Advocacy Blog

Interning During Children’s Congress


Every semester we have two to four interns in the Advocacy office in Washington, D.C. Sometimes they have a type 1 diabetes (T1D) connection and other times, they just want to make a difference. This semester, we have four interns; each of them coming from different backgrounds with different T1D experiences. Over the next few weeks, they will each write a blog about their expereicene at Children’s Congress and what they learned from the 161 delegates. First up, Bella. Meet Bella:

Bella did a great job entertaining the younger delegates while they got ready for the photo with VP Joe BidenMost interns new to Washington, D.C., will spend their days
with monotony, with their activities ranging from sorting papers to making
copies to important errands and the occasional excursion to get coffee. While
these activities do sometimes come with the To-Do-List for a JDRF Advocacy and
Government Relations Intern, when I stepped into the office on 14 and K I never
expected to be involved in something as amazing and life-changing as JDRF’s
2013 Children’s Congress.

The first few weeks of my internship, I was told to fill out
various spreadsheets about Senators and Representatives, and while I did
understand that this was important information to have, I could not fully see
the outcome of my work. As the weeks went on, everything began to make sense. I
began to work on putting together the Children’s Congress scrapbooks, in which
every delegate puts together a book of memories, in order to explain to their Senator
or Congressperson what it is like to live with type 1 diabetes.Bella clowning around during CC! 

I
guess I forgot to mention the reason why I came to JDRF in the first place – I
was recently diagnosed with T1D on January 27, 2012, at the beginning of the
second semester of my freshman year of college. By this summer, I had around a
year and a half to get acclimated to my new life with T1D, but there are still
many, many things I have to learn.

Back to the scrapbooks – looking at the handmade drawings,
pictures, and words that these children who were so much younger than me
displayed on the pages brought tears to my eyes. Everyone tells me that I am so
brave for “surviving” my diagnosis, but it is really these children that are
the heroes. I cannot even begin to imagine birthday parties, sleepovers, and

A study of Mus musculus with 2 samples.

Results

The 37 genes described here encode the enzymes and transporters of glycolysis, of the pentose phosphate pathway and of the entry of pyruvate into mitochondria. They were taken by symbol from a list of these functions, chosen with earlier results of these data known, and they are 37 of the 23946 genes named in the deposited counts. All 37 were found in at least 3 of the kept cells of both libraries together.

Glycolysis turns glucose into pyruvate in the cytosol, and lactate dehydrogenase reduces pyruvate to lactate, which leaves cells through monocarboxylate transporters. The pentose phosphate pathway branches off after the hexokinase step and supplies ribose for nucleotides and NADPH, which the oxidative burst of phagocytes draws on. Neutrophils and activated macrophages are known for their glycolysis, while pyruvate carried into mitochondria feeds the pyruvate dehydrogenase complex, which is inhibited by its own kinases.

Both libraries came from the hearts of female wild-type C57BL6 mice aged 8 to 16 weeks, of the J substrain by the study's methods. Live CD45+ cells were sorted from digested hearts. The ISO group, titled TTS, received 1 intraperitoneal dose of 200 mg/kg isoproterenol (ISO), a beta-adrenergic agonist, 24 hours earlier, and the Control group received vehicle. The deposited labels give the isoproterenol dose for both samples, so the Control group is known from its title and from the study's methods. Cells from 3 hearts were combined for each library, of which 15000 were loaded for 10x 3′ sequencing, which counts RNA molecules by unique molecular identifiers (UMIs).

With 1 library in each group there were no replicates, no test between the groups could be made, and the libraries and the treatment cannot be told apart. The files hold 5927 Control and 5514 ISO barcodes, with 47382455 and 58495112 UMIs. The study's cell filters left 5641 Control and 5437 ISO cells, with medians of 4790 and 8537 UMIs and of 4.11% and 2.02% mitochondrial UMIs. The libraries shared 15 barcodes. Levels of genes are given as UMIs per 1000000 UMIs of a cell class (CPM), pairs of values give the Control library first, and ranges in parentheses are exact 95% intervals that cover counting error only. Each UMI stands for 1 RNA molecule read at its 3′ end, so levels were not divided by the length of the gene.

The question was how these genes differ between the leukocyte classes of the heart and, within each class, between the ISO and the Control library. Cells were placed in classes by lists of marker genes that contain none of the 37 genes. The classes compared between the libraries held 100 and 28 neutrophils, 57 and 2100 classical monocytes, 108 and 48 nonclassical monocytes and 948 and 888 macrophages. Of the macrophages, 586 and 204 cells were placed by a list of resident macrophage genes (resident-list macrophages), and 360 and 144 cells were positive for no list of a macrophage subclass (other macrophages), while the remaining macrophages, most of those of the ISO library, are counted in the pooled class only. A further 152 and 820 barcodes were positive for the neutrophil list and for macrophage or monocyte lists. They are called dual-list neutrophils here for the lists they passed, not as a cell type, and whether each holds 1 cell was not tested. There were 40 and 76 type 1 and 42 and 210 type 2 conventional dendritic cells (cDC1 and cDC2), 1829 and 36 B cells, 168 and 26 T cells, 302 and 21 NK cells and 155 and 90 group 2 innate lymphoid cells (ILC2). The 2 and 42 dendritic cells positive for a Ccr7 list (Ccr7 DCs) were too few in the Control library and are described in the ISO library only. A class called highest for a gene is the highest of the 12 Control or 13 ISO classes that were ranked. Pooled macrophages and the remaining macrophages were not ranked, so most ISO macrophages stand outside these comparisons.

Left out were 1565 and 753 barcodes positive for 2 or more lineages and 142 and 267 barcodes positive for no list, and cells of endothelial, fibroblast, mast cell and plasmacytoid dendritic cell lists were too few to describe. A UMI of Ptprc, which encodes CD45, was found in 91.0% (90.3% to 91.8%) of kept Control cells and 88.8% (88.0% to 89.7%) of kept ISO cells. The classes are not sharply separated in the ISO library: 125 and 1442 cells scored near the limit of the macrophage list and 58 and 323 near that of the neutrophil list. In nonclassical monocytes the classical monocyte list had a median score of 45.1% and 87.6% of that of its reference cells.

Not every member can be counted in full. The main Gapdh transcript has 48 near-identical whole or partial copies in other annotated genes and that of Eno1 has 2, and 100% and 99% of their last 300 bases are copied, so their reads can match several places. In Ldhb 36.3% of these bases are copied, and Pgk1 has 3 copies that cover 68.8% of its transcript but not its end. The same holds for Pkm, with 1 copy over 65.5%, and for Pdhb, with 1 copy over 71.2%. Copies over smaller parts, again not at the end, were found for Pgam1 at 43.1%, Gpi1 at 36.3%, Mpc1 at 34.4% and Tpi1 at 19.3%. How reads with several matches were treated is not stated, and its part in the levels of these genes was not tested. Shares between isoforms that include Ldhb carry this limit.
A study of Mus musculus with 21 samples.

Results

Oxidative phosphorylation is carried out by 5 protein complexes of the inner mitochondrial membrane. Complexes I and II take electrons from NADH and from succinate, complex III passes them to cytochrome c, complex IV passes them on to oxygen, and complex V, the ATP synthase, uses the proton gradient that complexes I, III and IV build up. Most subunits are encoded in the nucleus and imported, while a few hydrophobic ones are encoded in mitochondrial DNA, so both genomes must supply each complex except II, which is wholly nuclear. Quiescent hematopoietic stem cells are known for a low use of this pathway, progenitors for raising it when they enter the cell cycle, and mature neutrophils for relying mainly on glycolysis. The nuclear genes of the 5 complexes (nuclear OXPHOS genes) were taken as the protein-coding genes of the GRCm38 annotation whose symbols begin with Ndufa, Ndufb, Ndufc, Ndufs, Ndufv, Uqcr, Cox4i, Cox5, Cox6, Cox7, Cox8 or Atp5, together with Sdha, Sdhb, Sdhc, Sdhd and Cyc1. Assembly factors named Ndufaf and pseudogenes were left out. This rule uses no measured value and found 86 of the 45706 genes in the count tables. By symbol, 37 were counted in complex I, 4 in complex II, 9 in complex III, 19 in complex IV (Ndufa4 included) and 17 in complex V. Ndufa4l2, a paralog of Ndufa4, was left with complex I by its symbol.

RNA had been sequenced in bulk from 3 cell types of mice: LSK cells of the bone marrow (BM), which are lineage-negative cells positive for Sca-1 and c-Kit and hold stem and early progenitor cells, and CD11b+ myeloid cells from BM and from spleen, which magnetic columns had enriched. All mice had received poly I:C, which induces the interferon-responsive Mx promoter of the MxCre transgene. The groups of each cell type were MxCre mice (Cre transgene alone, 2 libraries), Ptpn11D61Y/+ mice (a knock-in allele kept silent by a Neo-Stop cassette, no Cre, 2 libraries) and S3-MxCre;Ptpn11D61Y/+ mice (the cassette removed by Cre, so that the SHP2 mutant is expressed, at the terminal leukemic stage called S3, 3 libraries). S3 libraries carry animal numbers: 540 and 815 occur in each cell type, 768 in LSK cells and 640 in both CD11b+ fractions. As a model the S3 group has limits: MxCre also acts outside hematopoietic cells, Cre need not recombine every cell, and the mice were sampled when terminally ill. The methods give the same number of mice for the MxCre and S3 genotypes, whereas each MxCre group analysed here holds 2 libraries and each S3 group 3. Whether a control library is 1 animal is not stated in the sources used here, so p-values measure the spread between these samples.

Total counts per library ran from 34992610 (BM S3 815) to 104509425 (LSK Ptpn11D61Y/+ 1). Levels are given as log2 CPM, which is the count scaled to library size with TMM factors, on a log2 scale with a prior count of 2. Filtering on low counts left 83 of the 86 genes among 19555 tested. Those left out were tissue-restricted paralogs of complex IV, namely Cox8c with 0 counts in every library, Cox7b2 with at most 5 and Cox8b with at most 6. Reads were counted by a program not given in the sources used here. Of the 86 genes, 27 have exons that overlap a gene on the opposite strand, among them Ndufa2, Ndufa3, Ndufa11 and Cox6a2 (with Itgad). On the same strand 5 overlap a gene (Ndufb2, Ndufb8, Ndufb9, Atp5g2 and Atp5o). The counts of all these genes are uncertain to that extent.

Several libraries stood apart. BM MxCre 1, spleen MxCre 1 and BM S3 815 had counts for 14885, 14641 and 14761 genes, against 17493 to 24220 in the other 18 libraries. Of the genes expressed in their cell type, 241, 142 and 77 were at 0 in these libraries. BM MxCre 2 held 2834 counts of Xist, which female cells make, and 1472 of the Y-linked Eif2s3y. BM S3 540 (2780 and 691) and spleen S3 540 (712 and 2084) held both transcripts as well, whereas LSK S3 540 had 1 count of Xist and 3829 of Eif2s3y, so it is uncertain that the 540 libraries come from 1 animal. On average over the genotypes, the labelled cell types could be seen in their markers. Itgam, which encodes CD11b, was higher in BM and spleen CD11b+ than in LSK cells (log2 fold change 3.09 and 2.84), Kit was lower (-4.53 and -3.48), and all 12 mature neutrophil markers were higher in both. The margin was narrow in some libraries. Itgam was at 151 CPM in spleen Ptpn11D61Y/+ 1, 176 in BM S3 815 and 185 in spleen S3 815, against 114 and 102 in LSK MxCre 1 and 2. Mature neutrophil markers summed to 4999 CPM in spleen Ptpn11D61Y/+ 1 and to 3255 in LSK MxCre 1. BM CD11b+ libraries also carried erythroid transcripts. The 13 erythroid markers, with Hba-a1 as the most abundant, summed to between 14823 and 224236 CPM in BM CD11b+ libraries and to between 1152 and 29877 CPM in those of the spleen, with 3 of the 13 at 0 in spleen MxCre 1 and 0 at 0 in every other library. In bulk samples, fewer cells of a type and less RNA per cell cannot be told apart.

soccer games with T1D.

After weeks and weeks of taking notes, stuffing envelopes,
and putting packets together, Children’s Congress 2013 was finally in session.
My mother called me the morning of the conference to ask if I was nervous. I
chuckled and replied, “What could I be nervous about? I’m just an intern…”
Famous last words! I was thrown into the conference and without even blinking
an eye, was given many tasks to complete and people to take care of. For some
people, this might be overwhelming, but I loved every second of it. Being so
involved in the inner-workings of the conference and having so much
responsibility in making sure everything ran smoothly was such an honor and a
privilege.

Bella and her mom at the 2012 LaCrosse Ride to Cure Diabetes. Bella rode all 100 miles, just 8 months after her diagnosis. There were many amazing things that occurred from July 8-10
on 14th and Pennsylvania Ave, NW, just blocks from the ultimate D.C.
destination for most, the White House. Smiles, laughs, the unavoidable high and
low blood sugars, handshakes, and connections. For me, one of the moments that
I will take with me forever is when I met a delegate named Bobby from
Connecticut. He was assigned to stand with me in line before the delegates went
to sing the “Promise to Remember Me” song. Bobby was the only child that walked
over accompanied by his mother, so I immediately approached him. It was obvious
that he was shy, so I told him he could stand next to me and hold my sign. This
small interaction sparked a connection, and the next second Bobby and I were
laughing and joking around together. It wasn’t until after the delegates had
finished the song and Bobby had run off with his brother that his mother
approached me and informed me that Bobby was autistic. I immediately felt my
heart warm with respect for his mother, who patiently supported her loving son
every single day with not only one, but two incredibly potentially debilitating
diseases.

By the third and final day of Children’s Congress, Bobby and
I were buddies and he would continually find me wherever I was in the hotel, no
matter how busy I was. Even when I was in the middle of a daunting or stressful
task, it was Bobby that reminded me why I was at Children’s Congress, and even
interning at JDRF, in the first place. I intended on working at Children’s
Congress to be a role model for all of the delegates, but it turned out that
the delegates had a lot more to teach me than I could have ever imagined.

And for that, I could not be more grateful.

-Bella

One thought on “Interning During Children’s Congress

  1. Profile photo of AnonymousAnonymous

    Thanks for sharing, Bella. The fact that Children’s Congress went so smoothly belies the amount of effort that went into it. This event couldn’t have happened without the work of so many people and the interns were definitely integral to its success. We know that what makes us successful in Advocacy is the personal relationships we form, between JDRF volunteers and staff, legislators and among each other.. Your relationship with Bobby is another example. Thank you for being such an asset.